The Federal Reserve just reported that consumer debt related to auto and student loans are at the highest level they have ever been since 1970 (2nd chart). As we have noted wages have stagnated since the Great Recession with 90 % of the income gains going to the top 10 % in income. The middle class has been left out of the mainstream of the economic recovery over the past 10 years.
Sources: The Federal Reserve Bank – St. Louis, The Wall Street Journal, The Daily Shot – 5/8/18
While revolving debt from credit cards has fallen (top chart) since the recession, non revolving debt for autos and student loans has soared. Consumers are caught in a squeeze between debt and flat wages. The Commerce Department reported on 1st Quarter GDP noted that consumer spending had decelerated during the quarter. Sentiment surveys have also shown a reduction in buying plans due to trade issues and any benefit from the tax cuts being lost due to rising prices from tariffs. Banks have posted 7 straight months of an increasing percentage of charge offs on bad loans where consumers are not making payments on non-mortgage debt.
As interest rates go up, payments grow larger per month, with the added tightening of increased prices. The middle class is caught trying to maintain their standard of living by borrowing money to mitigate flat wages.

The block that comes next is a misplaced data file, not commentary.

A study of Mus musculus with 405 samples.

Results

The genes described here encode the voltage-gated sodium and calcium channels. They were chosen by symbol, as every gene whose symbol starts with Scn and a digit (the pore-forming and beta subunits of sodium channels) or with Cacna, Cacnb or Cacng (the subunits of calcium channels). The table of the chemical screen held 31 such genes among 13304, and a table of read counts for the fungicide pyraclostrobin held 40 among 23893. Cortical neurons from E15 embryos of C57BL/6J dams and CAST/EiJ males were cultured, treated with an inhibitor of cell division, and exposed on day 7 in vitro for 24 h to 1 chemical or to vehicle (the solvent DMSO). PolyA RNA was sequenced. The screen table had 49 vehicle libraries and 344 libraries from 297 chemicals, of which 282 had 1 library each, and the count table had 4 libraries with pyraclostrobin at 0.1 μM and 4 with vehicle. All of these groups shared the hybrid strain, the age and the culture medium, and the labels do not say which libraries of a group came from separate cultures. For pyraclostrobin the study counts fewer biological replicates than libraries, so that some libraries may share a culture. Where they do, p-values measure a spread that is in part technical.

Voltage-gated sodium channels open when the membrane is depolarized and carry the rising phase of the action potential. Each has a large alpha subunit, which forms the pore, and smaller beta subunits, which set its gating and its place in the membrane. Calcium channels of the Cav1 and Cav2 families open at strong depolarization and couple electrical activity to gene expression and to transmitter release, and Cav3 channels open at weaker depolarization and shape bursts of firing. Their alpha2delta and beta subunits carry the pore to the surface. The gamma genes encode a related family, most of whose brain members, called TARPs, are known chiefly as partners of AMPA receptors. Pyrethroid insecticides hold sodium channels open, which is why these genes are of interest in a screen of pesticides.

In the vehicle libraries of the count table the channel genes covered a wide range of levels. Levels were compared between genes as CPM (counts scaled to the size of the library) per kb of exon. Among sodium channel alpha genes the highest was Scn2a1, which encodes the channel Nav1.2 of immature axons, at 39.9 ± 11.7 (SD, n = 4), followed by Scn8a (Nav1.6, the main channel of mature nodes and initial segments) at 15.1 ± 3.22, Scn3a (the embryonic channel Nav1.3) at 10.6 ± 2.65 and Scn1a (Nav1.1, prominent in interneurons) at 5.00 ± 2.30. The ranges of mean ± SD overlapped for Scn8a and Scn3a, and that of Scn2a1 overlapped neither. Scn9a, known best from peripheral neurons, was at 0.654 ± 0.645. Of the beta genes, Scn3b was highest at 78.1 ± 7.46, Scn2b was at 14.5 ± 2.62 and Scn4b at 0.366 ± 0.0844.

Next Steps –
There are two sides to the squeeze – increasing wages and reducing loan payment size and principal.
We have endorsed Sen. Cory Booker’s bill called the Worker Dividend Act to share billions of dollars in stock buyback dollars 50/50 with employees. We see a need for incentives for employers to share management extreme wealth now at 300 times average worker salary with the line staff. Or if they can’t do it with incentives we like the City of Portland’s plan to require corporations share their funding above the 150 times level with employees. In our blog about why Wages Are Stuck we outline a series of steps including: placing workers on Boards, ending outsourcing overseas, end H1-B low wage visas, allow repatriated funds be brought back to the US only for wages, productivity or training investments, end stock buybacks and raise employee wages with the funds, breakup anti-competitive oligarchies of huge corporations to create more competition and jobs, balance the recruiting and hiring process for candidates, and offer incentives for employee training and development.
On the loan side, we recommend that student loan rates be brought back to reasonably fair rates as a percentage of the Fed Funds rate, and offer a series of forgiveness programs for universal service, community teaching and caregiving. For auto loans, we request that the Consumer Finance Protection Bureau evaluate major bank auto loans to ensure they are fair and do not have hidden fees or unusual interest rate riders.